What makes a masterpiece? In this visually stunning high definition production, A World of Art, the magnificence of America’s premier art museum lights up the screen. One of the architectural glories of New York, the Met stretches 1000 feet along Fifth Avenue. Inside is a dazzling three dimensional encyclopedia of world art, radiating 5,000 years of artistic history.
Founded in 1870, the Metropolitan Museum of Art was built on the shoulders of capitalism: J.P. Morgan, Havemeyer, Lehman, Rockefeller, and Annenberg are just a few of the names behind the Met’s collections. Today, the Met remains dedicated to the on-going pursuit of the greatest treasures of mankind.
In this episode: Egypt; China; Renaissance Europe; Arms & Armor; American; Impressionism; collectors J.P. Morgan and Louisine Havemeyer; connoisseurship and critical evaluation; Greece and Rome; Asian India; Costume Institute; early Italian Renaissance; Northern Renaissance; American portraiture from Copley to Sully to Sargent; Van Gogh; Africa, Oceania and Meso-America.
Fragment of the Face of a Queen
1353-1336 B.C.; yellow jasper
Over 3,000 years ago an Egyptian sculptor created this masterpiece in yellow jasper. It is merely a fragment of a larger sculpture, yet the evocative lines and extraordinary details place it among the great sculptures of any civilization.
Temple of Dendur
Reassembled statue of Hatshepsut
The collection of ancient Egyptian art at the Metropolitan Museum ranks among the finest outside Cairo. Ancient statues were discovered in fragments and painstakingly reassembled, a process that’s similar to putting a puzzle together without a photograph.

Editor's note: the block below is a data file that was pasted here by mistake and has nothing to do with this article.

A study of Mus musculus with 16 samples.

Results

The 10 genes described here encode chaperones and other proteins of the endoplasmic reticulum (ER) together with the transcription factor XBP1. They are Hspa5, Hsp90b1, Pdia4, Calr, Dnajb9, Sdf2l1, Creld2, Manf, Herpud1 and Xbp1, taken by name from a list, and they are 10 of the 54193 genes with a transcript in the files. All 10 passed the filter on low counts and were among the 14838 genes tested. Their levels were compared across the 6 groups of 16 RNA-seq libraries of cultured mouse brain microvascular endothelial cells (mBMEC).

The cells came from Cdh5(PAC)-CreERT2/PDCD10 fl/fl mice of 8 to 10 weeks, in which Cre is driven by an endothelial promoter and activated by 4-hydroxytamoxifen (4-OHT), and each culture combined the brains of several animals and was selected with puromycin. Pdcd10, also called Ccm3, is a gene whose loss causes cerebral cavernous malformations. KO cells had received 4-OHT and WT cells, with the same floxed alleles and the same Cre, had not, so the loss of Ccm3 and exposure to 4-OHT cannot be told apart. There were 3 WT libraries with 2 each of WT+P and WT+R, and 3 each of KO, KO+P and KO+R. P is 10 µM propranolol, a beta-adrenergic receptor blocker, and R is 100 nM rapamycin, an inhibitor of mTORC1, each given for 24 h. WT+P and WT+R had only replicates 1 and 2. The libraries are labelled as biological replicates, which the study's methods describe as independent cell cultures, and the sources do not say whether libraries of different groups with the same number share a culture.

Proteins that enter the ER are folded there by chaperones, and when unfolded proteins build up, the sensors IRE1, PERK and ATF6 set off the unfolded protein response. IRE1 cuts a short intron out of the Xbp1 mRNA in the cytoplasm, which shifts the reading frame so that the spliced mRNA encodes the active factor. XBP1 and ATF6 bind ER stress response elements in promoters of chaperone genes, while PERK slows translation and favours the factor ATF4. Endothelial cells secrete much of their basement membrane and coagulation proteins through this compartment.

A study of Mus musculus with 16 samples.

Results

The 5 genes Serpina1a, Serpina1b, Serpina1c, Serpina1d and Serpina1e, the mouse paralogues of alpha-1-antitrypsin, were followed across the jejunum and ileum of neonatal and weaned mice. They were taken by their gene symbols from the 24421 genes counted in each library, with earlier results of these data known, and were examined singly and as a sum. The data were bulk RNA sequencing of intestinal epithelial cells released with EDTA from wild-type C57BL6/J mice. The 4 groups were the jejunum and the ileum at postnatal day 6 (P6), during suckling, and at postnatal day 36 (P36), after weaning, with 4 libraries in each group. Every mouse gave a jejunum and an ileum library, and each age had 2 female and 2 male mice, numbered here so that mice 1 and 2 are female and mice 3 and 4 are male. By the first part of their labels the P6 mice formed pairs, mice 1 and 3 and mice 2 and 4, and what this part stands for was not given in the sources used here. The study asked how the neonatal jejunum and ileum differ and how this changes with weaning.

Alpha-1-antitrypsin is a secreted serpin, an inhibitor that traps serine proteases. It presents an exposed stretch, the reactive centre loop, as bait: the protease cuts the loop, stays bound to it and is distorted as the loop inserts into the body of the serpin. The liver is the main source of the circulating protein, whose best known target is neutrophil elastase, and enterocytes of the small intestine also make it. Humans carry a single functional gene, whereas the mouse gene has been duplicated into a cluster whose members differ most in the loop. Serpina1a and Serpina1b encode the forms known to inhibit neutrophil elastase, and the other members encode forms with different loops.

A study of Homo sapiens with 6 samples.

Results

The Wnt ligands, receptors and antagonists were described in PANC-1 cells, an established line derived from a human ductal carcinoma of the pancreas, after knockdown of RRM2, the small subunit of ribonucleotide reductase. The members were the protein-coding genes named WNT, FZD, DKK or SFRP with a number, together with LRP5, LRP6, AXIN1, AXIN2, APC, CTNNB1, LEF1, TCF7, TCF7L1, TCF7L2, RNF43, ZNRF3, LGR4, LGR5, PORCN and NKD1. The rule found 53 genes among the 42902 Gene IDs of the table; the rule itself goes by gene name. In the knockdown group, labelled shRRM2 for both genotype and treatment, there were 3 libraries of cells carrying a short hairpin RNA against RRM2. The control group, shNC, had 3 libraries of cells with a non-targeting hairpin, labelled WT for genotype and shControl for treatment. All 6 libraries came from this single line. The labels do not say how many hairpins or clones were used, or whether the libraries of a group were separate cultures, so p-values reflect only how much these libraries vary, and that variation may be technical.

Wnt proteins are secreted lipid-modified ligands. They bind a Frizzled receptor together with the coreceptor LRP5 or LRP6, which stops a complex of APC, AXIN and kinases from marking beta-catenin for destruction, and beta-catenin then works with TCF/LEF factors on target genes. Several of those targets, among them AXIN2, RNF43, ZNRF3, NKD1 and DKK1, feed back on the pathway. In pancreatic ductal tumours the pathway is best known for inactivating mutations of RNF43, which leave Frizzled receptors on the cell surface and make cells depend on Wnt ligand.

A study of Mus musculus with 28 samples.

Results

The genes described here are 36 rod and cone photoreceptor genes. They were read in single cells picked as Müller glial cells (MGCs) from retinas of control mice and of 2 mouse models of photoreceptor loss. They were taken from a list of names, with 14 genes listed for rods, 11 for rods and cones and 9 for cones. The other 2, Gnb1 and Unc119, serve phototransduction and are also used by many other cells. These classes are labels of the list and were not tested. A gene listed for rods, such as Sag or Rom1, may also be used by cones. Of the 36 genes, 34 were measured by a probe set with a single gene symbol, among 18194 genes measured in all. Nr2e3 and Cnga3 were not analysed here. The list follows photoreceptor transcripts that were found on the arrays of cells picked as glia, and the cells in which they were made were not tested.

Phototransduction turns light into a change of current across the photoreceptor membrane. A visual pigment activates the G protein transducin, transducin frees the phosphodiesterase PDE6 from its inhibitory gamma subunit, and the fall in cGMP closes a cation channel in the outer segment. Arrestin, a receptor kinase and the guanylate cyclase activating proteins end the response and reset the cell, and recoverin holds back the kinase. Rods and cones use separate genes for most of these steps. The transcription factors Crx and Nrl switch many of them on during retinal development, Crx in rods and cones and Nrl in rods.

The Great Hall
The Museum welcomes more than 4 million visitors each year. With collections spanning 5,000 years of world culture and every civilization, the Museum’s many galleries have expanded to become “museums within the Museum.” Here, visitors pass through the reception area into several of the main exhibit halls.
A Collection of Treasures
The range of objects in the Met’s collections is staggering. Statuary, silver, paintings, chairs, clocks – what may be deemed worthy of display in a primary gallery by one curator may be relegated to the storage area by another.
The Greek and Roman Gallery
In the Met’s Greek and Roman Department, the ancient Mediterranean world comes alive in bronze, terracotta, jewelry, glass and marble. This wonderful vaulted gallery floods with light from one moment of the day to another. The sculptures seem to change with the changing light.
Young Woman with a Water Pitcher
Johannes Vermeer, ca. 1662; oil on canvas
"Young Woman with a Water Pitcher," one of Vermeer’s greatest works, is one of five of the Met’s paintings by this Old Master. The Met has rooms filled with paintings from the 17th Century – the Golden Age of Dutch and Flemish painting.
John Singer Sargent, 1883-84; oil on canvas
John Singer Sargent was the master of American portraiture. This provocative painting of “Madame X” caused quite a stir, particularly since he originally painted it with the shoulder strap off her shoulder, where it had fallen as he painted. He was later asked to put it back on her shoulder.
Fifth Avenue Landmark
From its opening in a Gothic Revival-style building in 1870, the Metropolitan Museum of Art has grown into more than two-million-square-feet that stretch along New York City’s Central Park on Fifth Avenue. Several expansions to the Museum have helped refine and reorganize the encyclopedic collections.